Ready to Run

My dad was a runner.

He ran cross country in college and, at one point, was ranked 53rd in the nation.  His coach wanted him to start training for the Olympics.  But, for reasons he never really explained, Dad decided not to do it.  Later on, he used to joke that, while in the Army, PT tests were pretty easy for him because his legs were so long, he could walk part of the required run and still make time.

At age 53, my dad passed away from glioblastoma, a rare and nasty form of brain cancer.  I was 25.  He never met my kids.

Fast forward to last year: my friend Sara texted me about the possibility of walking a 5k her company was hosting.  Despite the fact I prefer to stay undefeated by not competing, I was ready to try this thing out.  5k is 3.1 miles and that’s a lot.  Especially when you prefer to sit under a blanket and be on the computer all day (cough cough MY LIFE cough cough).

Some underutilized, often hushed part of my brain said, “Well, dang girl!  If you’re going to walk a 5k race, you might as well run it!”

“Hahahahahaha!” said the Realist part of my brain.  “You’re the person who, when running laps in gym class, would wait until the gym teacher turned her back and would walk to catch your breath.  Run a 5k race?  RUN A 5k RACE???”

And we all laughed and laughed and then ate some cheese.

I still really wanted to run, though.  I don’t know why.  Some kind of Dirty Thirties crises or something I guess.  Anyway, I downloaded an app to my phone.  I dragged The Hubs to the road with me.  And, we started running.  Run for one minute.  Walk for two minutes.  Run for one minute.  Walk for two minutes.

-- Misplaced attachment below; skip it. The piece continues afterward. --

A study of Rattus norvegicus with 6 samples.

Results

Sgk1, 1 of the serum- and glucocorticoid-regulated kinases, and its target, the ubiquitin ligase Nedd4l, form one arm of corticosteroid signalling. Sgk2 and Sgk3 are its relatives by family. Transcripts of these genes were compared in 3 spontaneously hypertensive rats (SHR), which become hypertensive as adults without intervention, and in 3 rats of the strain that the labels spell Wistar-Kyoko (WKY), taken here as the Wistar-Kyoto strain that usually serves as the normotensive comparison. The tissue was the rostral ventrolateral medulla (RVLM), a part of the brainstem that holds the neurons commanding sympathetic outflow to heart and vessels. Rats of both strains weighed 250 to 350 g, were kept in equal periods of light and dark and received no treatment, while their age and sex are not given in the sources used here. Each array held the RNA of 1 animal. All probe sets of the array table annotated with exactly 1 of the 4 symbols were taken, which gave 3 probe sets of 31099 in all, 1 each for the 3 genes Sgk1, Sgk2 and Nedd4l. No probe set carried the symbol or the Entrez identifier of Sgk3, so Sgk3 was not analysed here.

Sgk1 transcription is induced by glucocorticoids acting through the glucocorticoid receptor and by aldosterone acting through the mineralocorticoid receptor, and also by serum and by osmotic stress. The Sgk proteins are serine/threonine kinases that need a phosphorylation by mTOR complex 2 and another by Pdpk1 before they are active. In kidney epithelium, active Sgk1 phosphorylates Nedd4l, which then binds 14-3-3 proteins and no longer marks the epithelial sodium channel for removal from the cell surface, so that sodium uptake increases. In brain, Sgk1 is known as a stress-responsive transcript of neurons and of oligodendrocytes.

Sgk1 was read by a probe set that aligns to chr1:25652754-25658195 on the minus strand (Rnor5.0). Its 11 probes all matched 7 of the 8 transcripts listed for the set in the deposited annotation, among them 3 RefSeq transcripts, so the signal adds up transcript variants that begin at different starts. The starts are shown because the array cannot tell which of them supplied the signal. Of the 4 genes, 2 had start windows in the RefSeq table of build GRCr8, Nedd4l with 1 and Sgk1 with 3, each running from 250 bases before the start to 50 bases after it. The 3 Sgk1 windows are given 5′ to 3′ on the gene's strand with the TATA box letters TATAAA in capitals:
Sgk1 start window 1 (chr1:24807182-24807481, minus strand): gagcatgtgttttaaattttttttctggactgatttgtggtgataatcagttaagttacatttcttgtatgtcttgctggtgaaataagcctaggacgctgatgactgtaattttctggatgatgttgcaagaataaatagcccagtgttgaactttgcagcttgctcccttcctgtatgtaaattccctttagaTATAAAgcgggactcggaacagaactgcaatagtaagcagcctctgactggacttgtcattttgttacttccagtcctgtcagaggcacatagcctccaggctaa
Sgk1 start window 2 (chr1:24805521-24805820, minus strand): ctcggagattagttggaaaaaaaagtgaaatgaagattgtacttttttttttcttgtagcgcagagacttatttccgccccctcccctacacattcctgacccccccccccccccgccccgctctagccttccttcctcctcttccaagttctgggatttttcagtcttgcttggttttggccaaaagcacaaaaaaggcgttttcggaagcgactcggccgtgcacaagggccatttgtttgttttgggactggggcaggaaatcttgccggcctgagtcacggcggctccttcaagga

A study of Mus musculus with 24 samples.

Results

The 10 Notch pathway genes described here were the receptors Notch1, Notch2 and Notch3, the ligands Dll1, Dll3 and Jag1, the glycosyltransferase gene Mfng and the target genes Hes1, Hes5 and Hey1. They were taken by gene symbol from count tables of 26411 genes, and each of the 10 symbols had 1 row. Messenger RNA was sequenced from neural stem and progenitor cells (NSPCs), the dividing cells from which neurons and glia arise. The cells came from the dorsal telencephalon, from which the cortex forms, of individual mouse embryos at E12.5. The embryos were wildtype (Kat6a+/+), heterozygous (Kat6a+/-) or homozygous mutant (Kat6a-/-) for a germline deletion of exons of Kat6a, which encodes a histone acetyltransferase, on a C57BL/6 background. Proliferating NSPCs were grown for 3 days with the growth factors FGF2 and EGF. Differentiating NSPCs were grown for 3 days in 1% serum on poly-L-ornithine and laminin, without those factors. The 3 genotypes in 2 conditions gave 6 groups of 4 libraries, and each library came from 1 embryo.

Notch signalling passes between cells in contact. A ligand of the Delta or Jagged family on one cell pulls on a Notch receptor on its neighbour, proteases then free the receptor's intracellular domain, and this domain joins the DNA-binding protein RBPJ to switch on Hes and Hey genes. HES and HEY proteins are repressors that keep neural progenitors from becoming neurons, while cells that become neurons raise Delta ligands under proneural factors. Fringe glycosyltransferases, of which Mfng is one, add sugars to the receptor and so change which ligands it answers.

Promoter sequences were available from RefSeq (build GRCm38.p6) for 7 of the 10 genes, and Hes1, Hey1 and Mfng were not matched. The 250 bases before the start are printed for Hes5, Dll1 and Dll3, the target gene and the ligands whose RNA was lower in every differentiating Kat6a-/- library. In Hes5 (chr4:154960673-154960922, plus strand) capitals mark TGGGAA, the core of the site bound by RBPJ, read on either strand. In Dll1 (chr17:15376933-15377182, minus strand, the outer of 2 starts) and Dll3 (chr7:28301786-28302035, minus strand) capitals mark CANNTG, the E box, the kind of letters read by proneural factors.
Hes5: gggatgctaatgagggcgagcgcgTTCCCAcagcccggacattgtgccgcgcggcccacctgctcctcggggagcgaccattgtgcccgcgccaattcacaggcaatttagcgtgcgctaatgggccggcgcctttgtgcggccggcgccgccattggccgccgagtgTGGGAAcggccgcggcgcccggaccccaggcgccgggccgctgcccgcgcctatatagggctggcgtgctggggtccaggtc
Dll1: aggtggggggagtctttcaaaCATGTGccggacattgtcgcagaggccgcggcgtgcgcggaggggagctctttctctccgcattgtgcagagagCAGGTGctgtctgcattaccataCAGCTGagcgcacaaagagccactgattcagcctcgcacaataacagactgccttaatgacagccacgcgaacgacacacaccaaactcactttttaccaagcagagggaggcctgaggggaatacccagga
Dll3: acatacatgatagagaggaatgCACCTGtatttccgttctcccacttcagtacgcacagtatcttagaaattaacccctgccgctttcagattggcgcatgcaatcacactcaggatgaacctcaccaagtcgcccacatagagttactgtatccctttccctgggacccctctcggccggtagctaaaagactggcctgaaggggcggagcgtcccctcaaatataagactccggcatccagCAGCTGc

And now, I’m a runner too.

I’m not, like, winning awards or anything obviously.  I tend to pick races with free t-shirts and medals for everyone because positive reinforcement is key.  I’ve run the Color Run, i’ve run for hard cider and I’ve run at Disney.  Tomorrow I’ll be running a 5k–probably in the rain–at Kennywood Park outside of Pittsburgh.

I know my dad would be proud of me.  I just wish he was here to see it.

It’s weird, because I really do enjoy running.  I have long legs and, now, I’ve been focusing on fitness for over a year, so my legs are strong.  On Memorial Day I did a fitness challenge in honor of a fallen Navy Seal and ran two miles in 25 minutes.  I’ve never run that fast before!  I know I’m not going to be out in the front with the little spindly cross country runners (with skinny legs like my dad!) and running a six minute mile or something, but running is my challenge.  I battle myself.  I’m not out there to compete with all the other runners–I’m out there running because I want to see if I can beat myself to the finish line.  You can’t win every race.  My dad lost his race to cancer.  But he put up a hell of a fight.

Tomorrow–and again in July and in August and in October–I’ll be out there, running for my dad.  I miss him.  Somehow, I feel like running connects us in a way we never really shared when he was alive.  I was 25 when he passed away and I didn’t start running until I was 33.  But, I know he’d be proud of me.  Even if I came in last, he’d give me a big smile and a thumbs up.

Tomorrow, I know he’ll be watching.  And he’ll be proud of me.